Steve Pham

The swim season now is in full swing, but not for all.

In our sister publication, Aquatics International, we report on the issues facing aquatics facilities. And as the commercial side of the pool industry climbs out of the pandemic, we know many, if not most facilities, are experiencing tougher-than-usual times hiring the necessary staff to stay open. And sadly, some pools will continue to stay closed for this and other reasons.

I recently was surprised to learn that my own local community pool has cut its opening hours to less than half of what it used to be pre-pandemic. This includes shorter hours on Saturdays and permanent closures on Sundays. The city claims these cuts are due to budget restraints. This closure will be effective for the next two years.

Frankly, I call B.S. I live in Santa Monica, Calif., and while the city has definitely suffered the economic impact of COVID-19 (who hasn’t?), the City Council’s decision to close the pool for half the weekend shows that they do not prioritize the well-known benefits of aquatic exercise and play for its community, not to mention the lifesaving opportunities for swim lessons.

This decision has alarmed enough residents to take action and participate in a write-in campaign to City Council members to urge them to rethink how the budget is allocated.

Their argument is sound: In addition to the Santa Monica Swim Center’s reduced hours, the fees will be increased 10% to 26%, on top of a 9% increase last summer. In addition, the City is receiving funds from the American Recovery Act, along with local measures, not to mention the recovering economy.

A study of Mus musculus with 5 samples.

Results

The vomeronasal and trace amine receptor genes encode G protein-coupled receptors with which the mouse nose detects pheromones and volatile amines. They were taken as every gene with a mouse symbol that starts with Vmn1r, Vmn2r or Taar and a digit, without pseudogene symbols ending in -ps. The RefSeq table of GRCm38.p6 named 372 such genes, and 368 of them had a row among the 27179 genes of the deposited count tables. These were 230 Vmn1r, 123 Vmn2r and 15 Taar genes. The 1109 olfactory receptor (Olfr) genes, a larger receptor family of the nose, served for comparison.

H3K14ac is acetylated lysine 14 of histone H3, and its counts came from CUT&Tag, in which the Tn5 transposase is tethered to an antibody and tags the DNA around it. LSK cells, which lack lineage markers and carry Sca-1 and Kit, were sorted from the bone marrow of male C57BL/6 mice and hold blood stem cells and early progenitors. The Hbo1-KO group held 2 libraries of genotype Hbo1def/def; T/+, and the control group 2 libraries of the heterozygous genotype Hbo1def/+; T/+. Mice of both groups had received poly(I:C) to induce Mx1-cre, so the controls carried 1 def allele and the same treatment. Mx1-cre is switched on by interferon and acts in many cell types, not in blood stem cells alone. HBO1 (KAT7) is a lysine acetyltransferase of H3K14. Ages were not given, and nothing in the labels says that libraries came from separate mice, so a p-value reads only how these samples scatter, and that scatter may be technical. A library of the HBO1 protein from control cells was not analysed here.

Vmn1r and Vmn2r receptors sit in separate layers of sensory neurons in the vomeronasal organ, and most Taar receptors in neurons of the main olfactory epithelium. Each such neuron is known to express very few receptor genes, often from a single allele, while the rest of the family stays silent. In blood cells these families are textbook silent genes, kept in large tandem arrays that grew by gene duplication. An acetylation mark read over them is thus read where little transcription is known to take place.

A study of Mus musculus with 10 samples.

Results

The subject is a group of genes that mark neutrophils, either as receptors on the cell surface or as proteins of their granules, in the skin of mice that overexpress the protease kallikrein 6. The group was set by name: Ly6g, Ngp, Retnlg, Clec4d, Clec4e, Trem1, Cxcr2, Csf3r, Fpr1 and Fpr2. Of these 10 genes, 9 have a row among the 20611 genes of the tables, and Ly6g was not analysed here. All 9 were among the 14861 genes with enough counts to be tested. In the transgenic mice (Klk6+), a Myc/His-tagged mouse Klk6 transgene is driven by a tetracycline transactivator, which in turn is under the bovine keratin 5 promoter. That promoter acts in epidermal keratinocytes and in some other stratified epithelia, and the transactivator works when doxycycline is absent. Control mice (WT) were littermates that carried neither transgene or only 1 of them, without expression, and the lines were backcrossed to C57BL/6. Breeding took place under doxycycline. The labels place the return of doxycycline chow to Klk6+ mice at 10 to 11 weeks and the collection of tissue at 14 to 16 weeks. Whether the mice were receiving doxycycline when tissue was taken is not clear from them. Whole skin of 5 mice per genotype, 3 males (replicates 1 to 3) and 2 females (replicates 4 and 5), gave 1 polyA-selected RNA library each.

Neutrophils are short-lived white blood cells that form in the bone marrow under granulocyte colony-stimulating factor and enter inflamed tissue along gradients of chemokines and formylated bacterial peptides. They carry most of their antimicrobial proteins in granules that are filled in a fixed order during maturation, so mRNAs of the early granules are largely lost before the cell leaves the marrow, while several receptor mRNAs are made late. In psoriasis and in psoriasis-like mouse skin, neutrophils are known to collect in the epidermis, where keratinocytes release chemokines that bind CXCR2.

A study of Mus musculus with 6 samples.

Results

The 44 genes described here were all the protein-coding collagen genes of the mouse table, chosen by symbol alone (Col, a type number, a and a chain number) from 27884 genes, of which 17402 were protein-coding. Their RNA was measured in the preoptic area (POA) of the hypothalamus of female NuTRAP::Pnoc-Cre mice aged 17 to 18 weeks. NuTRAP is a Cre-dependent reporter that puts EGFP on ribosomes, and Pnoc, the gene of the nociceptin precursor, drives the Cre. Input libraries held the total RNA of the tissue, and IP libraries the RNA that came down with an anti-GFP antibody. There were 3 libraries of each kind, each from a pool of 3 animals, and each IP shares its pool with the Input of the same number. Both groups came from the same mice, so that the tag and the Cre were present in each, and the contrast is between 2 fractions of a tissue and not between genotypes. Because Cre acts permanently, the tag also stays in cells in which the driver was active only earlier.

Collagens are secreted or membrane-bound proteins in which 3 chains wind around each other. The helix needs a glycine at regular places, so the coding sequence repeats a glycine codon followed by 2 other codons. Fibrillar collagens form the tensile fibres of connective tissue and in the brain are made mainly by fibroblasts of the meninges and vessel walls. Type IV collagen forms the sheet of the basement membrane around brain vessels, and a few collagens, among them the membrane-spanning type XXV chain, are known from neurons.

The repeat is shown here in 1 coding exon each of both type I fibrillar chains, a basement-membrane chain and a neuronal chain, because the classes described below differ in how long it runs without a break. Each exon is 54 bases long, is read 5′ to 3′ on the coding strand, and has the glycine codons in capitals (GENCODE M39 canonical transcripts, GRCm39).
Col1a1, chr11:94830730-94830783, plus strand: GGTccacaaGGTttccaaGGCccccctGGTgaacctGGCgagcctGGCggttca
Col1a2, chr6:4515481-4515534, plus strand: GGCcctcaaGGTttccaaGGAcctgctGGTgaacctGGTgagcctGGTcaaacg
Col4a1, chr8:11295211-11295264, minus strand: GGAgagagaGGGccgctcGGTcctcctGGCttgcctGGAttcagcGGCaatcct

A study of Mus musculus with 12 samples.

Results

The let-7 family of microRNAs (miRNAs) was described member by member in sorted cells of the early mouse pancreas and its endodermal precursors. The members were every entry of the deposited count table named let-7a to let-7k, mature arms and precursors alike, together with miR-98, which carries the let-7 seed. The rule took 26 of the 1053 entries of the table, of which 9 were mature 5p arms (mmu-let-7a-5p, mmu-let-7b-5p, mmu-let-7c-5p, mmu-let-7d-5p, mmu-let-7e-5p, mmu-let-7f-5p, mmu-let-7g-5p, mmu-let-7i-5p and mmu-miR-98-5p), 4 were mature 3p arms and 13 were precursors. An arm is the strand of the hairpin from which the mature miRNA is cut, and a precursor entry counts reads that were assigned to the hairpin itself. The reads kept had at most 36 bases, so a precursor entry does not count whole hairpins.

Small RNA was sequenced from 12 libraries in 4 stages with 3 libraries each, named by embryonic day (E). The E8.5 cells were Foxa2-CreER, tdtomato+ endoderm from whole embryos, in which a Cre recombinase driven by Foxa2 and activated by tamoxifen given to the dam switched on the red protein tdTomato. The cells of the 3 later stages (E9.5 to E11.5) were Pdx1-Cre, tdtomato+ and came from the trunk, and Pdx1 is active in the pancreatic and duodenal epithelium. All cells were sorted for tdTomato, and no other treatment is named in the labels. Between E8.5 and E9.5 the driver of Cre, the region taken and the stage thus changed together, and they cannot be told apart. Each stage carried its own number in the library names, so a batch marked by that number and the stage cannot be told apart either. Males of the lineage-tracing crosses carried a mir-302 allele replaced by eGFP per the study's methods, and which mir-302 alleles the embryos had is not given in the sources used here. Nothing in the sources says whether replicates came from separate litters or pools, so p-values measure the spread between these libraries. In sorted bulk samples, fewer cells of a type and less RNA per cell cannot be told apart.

The outcome of the pushback against the pool’s budget is not known at presstime. It’s beyond discouraging to see a well-to-do beach city not prioritizing something as essential as an aquatics facility, especially a busy and popular one, during a time when people are eager to reclaim a sense of normalcy. As you know, these types of facilities provide vital services and help bring communities together.

But most importantly, commercial pools feed the residential market. And while demand for backyard pools currently is high, it’s the steady stream of future swimmers that will guarantee the desire for residential pools long after the pandemic-driven surge subsides.

That’s why I believe it’s crucial to support your community’s aquatics facilities. Get involved, help rally your community members and businesses to successfully keep these pools open. Fight for your neighbors’ access to pools! Because down the line, it’s that neighbor who will be needing your services — whether it’s building their new pool, maintaining it or buying products for it — in the near future.